Pond Health

Windmill-driven Aeration Systems Re-Establishes Pond Health

Wind-powered aeration system “oxygenates” water, preventing pond stagnation and stratification that threatens people, livestock, wildlife and property values.

Still pond waters can sometimes go bad. Just ask any pond owner who has watched their pond turn into a dark or green ugly mass of weeds and algae.

Problems of stagnation, stratification and harmful toxins are creating poisonous water conditions in ponds other non-free-flowing bodies waters throughout North America. This can be perilous to livestock, fish and other wildlife – not to mention humans. Real estate property values can also be affected negatively from a smelly and unsightly pond.

As discouraging as this may sound – it is equally as encouraging to discover, that many pond owners who manage or maintain a pond for agricultural, recreational or household use are restoring their water to health again by installing a relatively low-cost and extremely effective technology – the windmill-driven aeration system.

“If you have a sick pond or dugout, you know how frustrating and expensive it is to try to treat your way out of the problem,” says Miller, who owns a farm in Batavia, NY. “I got to the point where I was so tired of pouring in chemicals and raking algae that I wanted to fill in my pond and forget about it.”

Fortunately, for Miller, after years of band aid solutions that were both costly and time consuming with very little effect, he began to look research pond aeration rather than pond chemicals as a resolution to his water problems.

He found out that not only are chemical treatments such as copper sulfate expensive, but research shows that ponds treated with it over years begin to show diminished results. Further, this treatment method may be eliminated by stricter environmental rules governing its use in future years as people become more environmentally conscious.

Inducing oxygen through water circulation.

Two years ago Miller started to investigate the prospects of using aeration to oxygenate his pond while also providing circulation in order to avoid stagnation and thermal stratification of the water.

Miller became quite interested in a technology that used a windmill to compress air and pump it through one or more air diffusers, which were located at the bottom of a lake or pond.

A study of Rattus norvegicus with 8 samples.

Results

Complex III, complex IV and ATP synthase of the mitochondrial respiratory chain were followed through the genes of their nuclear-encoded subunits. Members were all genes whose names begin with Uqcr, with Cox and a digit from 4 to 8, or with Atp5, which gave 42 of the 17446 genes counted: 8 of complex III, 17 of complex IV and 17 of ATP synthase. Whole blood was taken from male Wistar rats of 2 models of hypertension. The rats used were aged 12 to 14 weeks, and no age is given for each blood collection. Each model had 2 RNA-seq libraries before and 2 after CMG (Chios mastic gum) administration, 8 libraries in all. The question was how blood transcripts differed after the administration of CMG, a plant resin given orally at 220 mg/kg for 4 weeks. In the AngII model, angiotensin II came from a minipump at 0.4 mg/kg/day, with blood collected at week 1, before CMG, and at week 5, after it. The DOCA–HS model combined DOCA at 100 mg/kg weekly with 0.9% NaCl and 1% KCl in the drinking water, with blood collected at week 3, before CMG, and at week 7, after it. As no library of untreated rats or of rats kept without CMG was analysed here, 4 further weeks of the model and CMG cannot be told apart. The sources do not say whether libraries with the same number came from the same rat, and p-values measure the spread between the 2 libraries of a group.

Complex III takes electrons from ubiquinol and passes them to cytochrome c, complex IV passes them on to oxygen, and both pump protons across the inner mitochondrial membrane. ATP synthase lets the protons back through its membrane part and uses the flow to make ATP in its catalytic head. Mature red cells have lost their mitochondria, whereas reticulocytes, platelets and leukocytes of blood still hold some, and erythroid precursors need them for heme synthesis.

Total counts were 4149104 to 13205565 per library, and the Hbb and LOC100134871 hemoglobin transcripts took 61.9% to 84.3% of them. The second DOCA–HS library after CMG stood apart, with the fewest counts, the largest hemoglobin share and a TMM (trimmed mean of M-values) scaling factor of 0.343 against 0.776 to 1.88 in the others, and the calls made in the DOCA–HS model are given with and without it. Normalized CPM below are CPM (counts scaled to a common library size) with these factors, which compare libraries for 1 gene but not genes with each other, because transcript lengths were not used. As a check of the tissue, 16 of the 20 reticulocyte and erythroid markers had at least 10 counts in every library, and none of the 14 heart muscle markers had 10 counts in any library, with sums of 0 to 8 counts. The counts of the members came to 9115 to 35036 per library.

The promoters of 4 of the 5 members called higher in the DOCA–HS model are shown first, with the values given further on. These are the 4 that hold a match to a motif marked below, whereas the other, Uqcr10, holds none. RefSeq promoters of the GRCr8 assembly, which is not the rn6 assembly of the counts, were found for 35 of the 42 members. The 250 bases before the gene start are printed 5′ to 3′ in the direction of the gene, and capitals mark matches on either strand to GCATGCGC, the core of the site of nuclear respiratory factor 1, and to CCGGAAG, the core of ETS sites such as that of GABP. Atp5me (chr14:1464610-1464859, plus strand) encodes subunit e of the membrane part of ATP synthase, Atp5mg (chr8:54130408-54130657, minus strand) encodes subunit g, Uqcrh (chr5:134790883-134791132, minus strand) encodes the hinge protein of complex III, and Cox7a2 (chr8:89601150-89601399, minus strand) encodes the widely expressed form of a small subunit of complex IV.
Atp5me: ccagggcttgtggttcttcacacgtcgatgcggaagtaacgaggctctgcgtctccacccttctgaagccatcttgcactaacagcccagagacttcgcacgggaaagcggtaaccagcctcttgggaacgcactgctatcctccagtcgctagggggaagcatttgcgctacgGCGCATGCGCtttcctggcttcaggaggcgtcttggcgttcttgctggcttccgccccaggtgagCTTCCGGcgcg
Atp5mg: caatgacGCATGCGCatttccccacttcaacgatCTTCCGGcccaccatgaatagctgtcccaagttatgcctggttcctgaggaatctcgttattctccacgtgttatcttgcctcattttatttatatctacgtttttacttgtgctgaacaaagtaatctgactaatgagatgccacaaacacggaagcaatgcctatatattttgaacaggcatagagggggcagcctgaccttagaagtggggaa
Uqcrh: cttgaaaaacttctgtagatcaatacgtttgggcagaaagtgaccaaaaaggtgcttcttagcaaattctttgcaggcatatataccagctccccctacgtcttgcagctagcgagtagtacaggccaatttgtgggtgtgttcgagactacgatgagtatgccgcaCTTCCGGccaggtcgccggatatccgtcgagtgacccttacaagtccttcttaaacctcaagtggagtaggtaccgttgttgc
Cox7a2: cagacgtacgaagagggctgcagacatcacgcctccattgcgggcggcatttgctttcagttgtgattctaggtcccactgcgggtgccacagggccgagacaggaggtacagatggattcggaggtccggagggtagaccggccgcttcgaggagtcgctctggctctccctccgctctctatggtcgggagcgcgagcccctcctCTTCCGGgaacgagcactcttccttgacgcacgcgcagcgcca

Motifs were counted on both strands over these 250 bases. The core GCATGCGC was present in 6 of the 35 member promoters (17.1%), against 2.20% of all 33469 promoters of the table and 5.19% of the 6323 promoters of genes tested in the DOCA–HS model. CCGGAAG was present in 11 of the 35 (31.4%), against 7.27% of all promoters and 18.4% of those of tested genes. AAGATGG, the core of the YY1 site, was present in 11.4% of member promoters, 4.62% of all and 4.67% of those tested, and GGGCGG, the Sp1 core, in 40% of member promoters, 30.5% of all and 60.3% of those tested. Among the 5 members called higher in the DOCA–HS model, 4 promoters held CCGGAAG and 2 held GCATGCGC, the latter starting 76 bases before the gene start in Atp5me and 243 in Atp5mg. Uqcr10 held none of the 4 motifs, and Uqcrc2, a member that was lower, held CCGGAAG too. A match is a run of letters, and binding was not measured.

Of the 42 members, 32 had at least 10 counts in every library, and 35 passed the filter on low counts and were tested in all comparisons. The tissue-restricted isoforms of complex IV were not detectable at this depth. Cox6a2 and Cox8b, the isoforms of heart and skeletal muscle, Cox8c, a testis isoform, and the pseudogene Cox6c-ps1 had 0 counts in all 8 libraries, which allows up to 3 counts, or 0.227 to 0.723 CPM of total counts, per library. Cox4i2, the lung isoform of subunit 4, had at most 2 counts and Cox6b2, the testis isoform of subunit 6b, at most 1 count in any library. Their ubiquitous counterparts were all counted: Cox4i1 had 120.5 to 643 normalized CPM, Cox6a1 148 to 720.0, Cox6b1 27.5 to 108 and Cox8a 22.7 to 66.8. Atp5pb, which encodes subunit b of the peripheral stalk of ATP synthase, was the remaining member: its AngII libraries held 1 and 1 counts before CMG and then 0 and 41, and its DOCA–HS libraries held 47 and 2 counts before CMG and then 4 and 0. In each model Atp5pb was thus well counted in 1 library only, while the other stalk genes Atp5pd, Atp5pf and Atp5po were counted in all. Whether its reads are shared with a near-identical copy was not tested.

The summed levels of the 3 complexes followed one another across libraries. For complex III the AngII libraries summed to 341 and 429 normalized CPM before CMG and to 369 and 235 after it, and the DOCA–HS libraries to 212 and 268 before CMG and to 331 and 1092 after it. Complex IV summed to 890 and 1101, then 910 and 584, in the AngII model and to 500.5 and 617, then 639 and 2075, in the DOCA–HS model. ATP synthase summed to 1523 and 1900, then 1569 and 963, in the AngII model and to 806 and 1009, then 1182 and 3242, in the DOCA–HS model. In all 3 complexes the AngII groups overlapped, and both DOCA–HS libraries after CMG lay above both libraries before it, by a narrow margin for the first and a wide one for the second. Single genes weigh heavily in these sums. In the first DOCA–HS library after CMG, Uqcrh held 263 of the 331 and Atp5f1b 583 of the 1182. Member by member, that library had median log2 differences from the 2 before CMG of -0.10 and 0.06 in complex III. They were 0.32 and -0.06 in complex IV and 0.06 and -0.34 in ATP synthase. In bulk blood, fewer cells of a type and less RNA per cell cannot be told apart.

This pumping action of the air permeating the water circulating at the bottom and bubbling to the top would cause the water to flow outward to the sides of the pond on top, thereby aerating through exposure to the atmosphere and circulating the water at the same time. Increased levels of oxygen were delivered to the pond, thermal stratification is reduced, and the pond would become healthier.

In essence the pond aeration acts as a natural filtration system, burning off excess nutrients and organic matter that facilitates the growth of algae and weeds. Clean, clear water also prevents odors and pests and inhibits the spread and growth of mosquito larvae that may be floating on a pond’s surface.

“I don’t think anyone disagrees that water aeration is highly beneficial to non free-flowing waters,” Miller says. “It is really a question of which technology is best for your application. In my case, since my pond had virtually become a cesspool, I figured that a windmill aeration system would be necessary to clean up my pond.”

While electric-powered aeration systems would no doubt do the job, Miller decided their operating and maintenance costs would be too expensive for him. Exploring the Internet he came upon the web site of Superior Windmill, which looked promising. He learned that farmers in the western states use this wind-driven aeration and circulation system to keep ponds clean so it is safe for cattle to drink from them.

“You don’t have to use any power to run them,” Miller says “Plus they are maintenance free.”

It turned out that Superior Windmill, headquartered in Regina (Saskatchewan), was a world leading developer of windmill aeration technology as well as a supplier of windmills and diffuser systems.